According to Gregory Austin Nwakunor of guardian.ng, The Minister of Information and Culture, Alhaji Lai Mohammed, has revealed the Federal Government’s plan to launch a National Policy on Culture as well as National Policy on Tourism.
Speaking in Lagos yesterday at a media briefing to unveil his ministry’s agenda for the culture and tourism sector, he reiterated the government’s determination to lift the creative industry and make the country a tourism hub.
While reeling out his agenda to build on the gains of the past four years, he said plans were on to create the necessary legal framework for the sector.
The Guardian gathered that there was an attempt at reviewing the culture policy in 2008, some 21 years after it was formulated, but the exercise came rather late.
According to the United Nations Educational, Scientific and Cultural Organisation (UNESCO) guidelines, a cultural policy shall be reviewed at least once in eight years.
So, it was more than twice a belated exercise. Also, due to the restricted circulation of the text, it wasn’t addressed to the Nigerian people as sovereign owners.
This contrasted sharply with the case in 1988 when culture administrators mobilised universities, journalists, trade unionists, civil society representatives, among others, to make their input to the implementation strategies. But the belated 2008 exercise wasn’t like that.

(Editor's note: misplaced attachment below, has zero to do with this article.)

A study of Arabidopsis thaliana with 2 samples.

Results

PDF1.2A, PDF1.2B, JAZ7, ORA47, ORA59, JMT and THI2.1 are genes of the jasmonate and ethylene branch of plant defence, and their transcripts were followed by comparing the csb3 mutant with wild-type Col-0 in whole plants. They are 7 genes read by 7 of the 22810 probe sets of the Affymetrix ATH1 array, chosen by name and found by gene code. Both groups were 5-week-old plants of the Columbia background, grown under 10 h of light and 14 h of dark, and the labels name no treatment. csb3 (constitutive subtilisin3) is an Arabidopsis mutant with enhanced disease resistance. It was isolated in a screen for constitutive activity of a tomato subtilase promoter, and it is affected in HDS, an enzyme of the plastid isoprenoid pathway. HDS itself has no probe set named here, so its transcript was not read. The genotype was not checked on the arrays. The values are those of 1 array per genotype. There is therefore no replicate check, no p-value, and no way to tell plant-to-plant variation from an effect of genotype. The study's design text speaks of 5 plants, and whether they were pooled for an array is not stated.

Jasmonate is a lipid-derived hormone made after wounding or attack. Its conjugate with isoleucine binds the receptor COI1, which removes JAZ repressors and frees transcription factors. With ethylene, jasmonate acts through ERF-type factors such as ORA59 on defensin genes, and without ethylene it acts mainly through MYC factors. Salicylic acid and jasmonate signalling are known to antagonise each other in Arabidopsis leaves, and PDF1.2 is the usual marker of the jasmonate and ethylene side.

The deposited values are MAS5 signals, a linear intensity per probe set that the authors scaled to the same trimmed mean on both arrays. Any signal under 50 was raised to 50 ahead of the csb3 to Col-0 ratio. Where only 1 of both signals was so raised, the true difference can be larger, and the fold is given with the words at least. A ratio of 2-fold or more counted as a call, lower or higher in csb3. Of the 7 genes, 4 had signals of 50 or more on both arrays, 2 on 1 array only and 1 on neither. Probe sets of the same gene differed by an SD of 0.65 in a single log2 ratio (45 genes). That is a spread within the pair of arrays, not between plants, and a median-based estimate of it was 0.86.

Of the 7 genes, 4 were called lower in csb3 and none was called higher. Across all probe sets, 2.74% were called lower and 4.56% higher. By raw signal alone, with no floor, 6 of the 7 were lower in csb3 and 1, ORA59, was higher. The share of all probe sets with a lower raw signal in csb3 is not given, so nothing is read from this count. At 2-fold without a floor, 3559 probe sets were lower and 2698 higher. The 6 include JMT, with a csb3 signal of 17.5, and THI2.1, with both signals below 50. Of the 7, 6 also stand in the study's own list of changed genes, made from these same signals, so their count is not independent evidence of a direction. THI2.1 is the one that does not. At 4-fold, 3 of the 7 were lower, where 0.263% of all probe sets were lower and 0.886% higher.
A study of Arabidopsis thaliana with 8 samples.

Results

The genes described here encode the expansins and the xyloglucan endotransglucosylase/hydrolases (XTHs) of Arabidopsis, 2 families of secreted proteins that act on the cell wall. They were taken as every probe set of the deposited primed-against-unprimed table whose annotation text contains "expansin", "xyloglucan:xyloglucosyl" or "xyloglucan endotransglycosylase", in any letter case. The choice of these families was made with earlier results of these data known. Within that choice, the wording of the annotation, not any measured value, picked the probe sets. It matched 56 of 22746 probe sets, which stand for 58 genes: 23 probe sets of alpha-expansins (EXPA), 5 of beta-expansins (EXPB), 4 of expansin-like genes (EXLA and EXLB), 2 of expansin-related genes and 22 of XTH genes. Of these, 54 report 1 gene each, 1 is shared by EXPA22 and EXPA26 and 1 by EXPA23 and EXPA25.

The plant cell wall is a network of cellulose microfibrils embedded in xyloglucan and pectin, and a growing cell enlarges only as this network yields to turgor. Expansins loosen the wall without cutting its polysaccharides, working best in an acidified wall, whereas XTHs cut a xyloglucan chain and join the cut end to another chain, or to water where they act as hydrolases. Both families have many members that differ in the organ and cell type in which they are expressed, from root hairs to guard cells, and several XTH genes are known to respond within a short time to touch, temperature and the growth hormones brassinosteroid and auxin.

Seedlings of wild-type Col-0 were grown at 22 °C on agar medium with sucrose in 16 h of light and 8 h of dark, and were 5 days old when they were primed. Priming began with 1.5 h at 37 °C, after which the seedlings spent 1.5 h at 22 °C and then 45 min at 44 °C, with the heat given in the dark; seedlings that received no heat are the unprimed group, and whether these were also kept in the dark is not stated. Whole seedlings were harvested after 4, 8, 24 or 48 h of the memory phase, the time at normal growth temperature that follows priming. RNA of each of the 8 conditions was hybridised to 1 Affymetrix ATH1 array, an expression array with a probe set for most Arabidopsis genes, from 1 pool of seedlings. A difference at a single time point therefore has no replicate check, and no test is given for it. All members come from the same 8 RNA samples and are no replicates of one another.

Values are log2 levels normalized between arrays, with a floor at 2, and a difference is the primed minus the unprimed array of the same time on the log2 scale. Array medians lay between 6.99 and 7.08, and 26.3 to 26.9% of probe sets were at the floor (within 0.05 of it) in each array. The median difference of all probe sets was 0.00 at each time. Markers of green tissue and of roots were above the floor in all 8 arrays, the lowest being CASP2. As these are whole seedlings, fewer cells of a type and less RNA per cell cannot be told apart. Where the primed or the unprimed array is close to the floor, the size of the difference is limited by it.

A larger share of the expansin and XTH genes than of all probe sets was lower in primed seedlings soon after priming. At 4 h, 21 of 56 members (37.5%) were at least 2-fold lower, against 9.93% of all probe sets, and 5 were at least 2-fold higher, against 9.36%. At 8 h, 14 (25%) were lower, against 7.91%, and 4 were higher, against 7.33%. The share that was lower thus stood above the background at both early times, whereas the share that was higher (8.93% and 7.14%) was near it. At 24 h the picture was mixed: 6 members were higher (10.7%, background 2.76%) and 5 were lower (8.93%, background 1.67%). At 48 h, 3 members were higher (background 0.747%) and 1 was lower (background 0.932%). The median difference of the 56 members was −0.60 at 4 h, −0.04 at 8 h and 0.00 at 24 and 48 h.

It was handled rather perfunctorily, without any serious demonstration of commitment. The document was not given the legal teeth to make it justiceable.
Mohammed noted that the ministry had finalised work on the Motion Picture Council of Nigeria (MOPICON) Bill, which will be submitted to the Federal Executive Council (FEC).
“The plan is to create a proper regulatory environment for the sub-sector that has put Nigeria’s name on the global map, thus attracting the much-needed investment to the sector,” he said.
Aside the MOPICON Bill, the minister noted that plans were equally underway to create a legal framework for the establishment of the arts endowment fund.
While reviewing the sector in the past four years, he said, “The National Summit for Culture and Tourism would now be a yearly affair, starting from the first quarter of 2020.”
In the same vein, the minister said he would “ensure a regularly meeting of the Presidential Council on Tourism (PCT) to catalyse the growth of tourism. We plan at least three meetings a year.”
The ministry, he said, would organise a regional summit on culture and tourism, starting next year to work with other countries in the West Africa sub-region to foster development of the sector.
Aside finalising work on and launching the country’s National Festival Calendar this year, which is geared towards attracting more tourists, there are plans to get more “sites in Nigeria inscribed as UNESCO World Heritage Sites.”